It's been a great run for the Dollar, and in actuality it's occurred as nothing has changed in the US. No changes from the FED, the US just passed a potentially debt adding Health Care program, and economic releases continue to be mixed. It all adds up to the old adage that No news is good news. So what has been causing the Dollar's recent strength?

Overall it is a combination of two factors. Firstly, worries from the EU and UK have caused institutional investors to rotate funds from Euro and Pound denominated accounts and Park it in the dollar. This is the reason why global equity indexes have continued to rally, as money leaving Europe has mostly been cash holdings rather than a rotation of stock holdings. Secondly, Forex traders don't appear to believe that the FED will continue to stay pat, and will ultimately be raising interest rates sooner than later. This is apparent in the yields of US Treasury bonds which continue to be moving higher on expectation of a higher FED rate.

This week though, US news will be back in the spotlight as Non Farms Payrolls figures will be released. Last month, with severe snowstorms hitting the US in many areas, the Dollar wasn't as affected by the release. This month though, Forex traders will be expecting to finally see employment growth taking place in the US. As such, if Wednesday's ADP Employment figures and Thursday's Initial Claims numbers are worse than expected, we could see the Dollar weaken before the Non Farms Payrolls are released. Also, important is that this week is Good Friday. Therefore, major exchanges will be closed, and low volumes are expected on Friday. This may lead to additional volatility taking place.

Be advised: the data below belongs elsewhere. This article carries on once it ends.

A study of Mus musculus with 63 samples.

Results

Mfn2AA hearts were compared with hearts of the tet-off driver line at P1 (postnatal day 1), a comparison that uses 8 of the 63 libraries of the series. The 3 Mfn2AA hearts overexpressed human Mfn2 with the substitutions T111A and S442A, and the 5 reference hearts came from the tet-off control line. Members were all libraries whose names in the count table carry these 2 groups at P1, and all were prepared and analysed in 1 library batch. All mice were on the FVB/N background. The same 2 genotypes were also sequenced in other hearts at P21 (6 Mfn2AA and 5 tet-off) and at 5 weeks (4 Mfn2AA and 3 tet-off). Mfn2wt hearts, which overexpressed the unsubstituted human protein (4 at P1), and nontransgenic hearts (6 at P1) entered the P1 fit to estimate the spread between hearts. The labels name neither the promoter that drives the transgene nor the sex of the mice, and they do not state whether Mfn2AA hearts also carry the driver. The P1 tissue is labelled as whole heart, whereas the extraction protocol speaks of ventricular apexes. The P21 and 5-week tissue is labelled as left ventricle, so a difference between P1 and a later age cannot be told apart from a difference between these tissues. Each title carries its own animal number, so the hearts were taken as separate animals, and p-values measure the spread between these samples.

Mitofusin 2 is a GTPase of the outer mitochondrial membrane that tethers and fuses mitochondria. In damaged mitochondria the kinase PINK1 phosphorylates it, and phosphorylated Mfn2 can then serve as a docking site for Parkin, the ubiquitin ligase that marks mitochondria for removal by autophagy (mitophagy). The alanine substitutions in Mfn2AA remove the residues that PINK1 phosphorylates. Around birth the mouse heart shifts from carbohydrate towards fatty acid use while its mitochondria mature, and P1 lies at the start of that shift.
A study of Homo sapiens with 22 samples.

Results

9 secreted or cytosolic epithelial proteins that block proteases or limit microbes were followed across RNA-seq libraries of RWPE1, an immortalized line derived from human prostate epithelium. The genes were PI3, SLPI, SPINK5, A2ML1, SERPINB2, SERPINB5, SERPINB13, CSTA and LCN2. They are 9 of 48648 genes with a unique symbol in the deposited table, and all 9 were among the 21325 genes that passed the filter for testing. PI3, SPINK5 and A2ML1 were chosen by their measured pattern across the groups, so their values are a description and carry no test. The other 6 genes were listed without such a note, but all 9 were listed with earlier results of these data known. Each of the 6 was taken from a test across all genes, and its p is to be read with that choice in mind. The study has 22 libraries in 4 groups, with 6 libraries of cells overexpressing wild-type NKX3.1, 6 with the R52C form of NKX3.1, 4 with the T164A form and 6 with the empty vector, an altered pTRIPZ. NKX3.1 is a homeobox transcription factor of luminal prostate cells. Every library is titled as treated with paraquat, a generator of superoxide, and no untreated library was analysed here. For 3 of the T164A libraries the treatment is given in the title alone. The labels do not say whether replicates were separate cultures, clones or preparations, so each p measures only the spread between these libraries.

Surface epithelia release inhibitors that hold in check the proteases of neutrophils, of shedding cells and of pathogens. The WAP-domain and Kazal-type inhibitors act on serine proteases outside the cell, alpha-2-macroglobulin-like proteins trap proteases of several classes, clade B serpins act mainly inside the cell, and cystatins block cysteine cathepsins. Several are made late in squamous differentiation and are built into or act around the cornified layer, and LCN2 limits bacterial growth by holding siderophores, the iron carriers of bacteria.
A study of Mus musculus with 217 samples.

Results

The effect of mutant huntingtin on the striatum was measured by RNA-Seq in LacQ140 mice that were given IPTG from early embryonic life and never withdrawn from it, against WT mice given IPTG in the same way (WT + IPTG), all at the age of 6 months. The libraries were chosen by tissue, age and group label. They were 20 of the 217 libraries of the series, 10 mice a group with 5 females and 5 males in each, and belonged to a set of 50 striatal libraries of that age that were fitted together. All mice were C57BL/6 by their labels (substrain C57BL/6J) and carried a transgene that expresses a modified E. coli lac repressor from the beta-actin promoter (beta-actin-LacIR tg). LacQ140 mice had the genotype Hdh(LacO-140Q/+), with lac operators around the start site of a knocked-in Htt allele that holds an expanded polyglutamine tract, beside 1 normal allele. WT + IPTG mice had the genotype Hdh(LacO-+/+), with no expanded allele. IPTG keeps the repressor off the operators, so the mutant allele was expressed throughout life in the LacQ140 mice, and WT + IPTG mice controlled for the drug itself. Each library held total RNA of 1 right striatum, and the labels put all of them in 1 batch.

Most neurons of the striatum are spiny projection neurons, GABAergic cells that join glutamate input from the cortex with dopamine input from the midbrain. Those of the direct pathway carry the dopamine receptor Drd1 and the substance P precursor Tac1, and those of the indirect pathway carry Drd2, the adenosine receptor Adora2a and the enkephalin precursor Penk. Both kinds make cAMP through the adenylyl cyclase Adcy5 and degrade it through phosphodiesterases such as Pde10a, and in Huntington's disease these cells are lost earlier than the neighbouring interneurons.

Will the EURUSD 1.3400? been there, 1.3300? did that too, 1.3000? looks likely, 1.2500? no one will be surprised. That is pretty much what everybody has been talking about last week as the Euro hit 10 month lows against the Dollar on continued credit related problems from the EU. Also being questioned is whether the EU will start kicking out members from the Euro zone. So, overall it was a tough week for the Euro.

Even the end of the week EU Economic Summit where agreements were made to assist Greece, were unable to cause the EURUSD to make back much of its prior losses.

Looking ahead, the Euro may get a little respite as few important economic releases are expected this week. Also credit ratings firms will most likely wait to see if how the results from last week's EU Summit play out before making any ratings changes.



The Pound has quickly become one of the hardest currencies to figure out. Last week, it sold off prior to new releases on some days, but rallied on others. And when the actual results were released, there were often initial spikes in one direction, followed by moves in the oppostie direction moments later.

Overall, Forex traders are debating whether the glass is half full or half empty in the UK. Case in point was last Wednesday's Annual Budget Release. The release called for a reduction in government borrowing in one hand, but forecasted slightly lower than expected GDP growth for 2010. For traders though, the moves have created a marvelous trading envirnoment, as the increased volatility has created numerous oppurtunities for gains.

This week, Forex traders will be keying in on Thursday's Maufacturing PMI numbers. Growth in themanufacturing sector has been one the pleasant surprises in the UK, therefore any weakness there may lead to losses for the Pound.



The biggest surprise of last week has been the weakness in the Yen. Everyone has been talking about the Euro and Pound falling, but in actuality, the Yen weakened so much last week that the EURJPY and GBPJPY have also rallied higher along with the USDJPY. The action is surprising as the Yen usually rallies during times of worry and fear, and last week's trading environment would definitely be classified as such.

Therefore, the Yen may be undervalued at this point and poised to rally, or the beginning of sentiment change towards the Yen could be taking place. If it is the latter, it could create a big boost to the Japanese export sector which would benefit from a weaker Yen.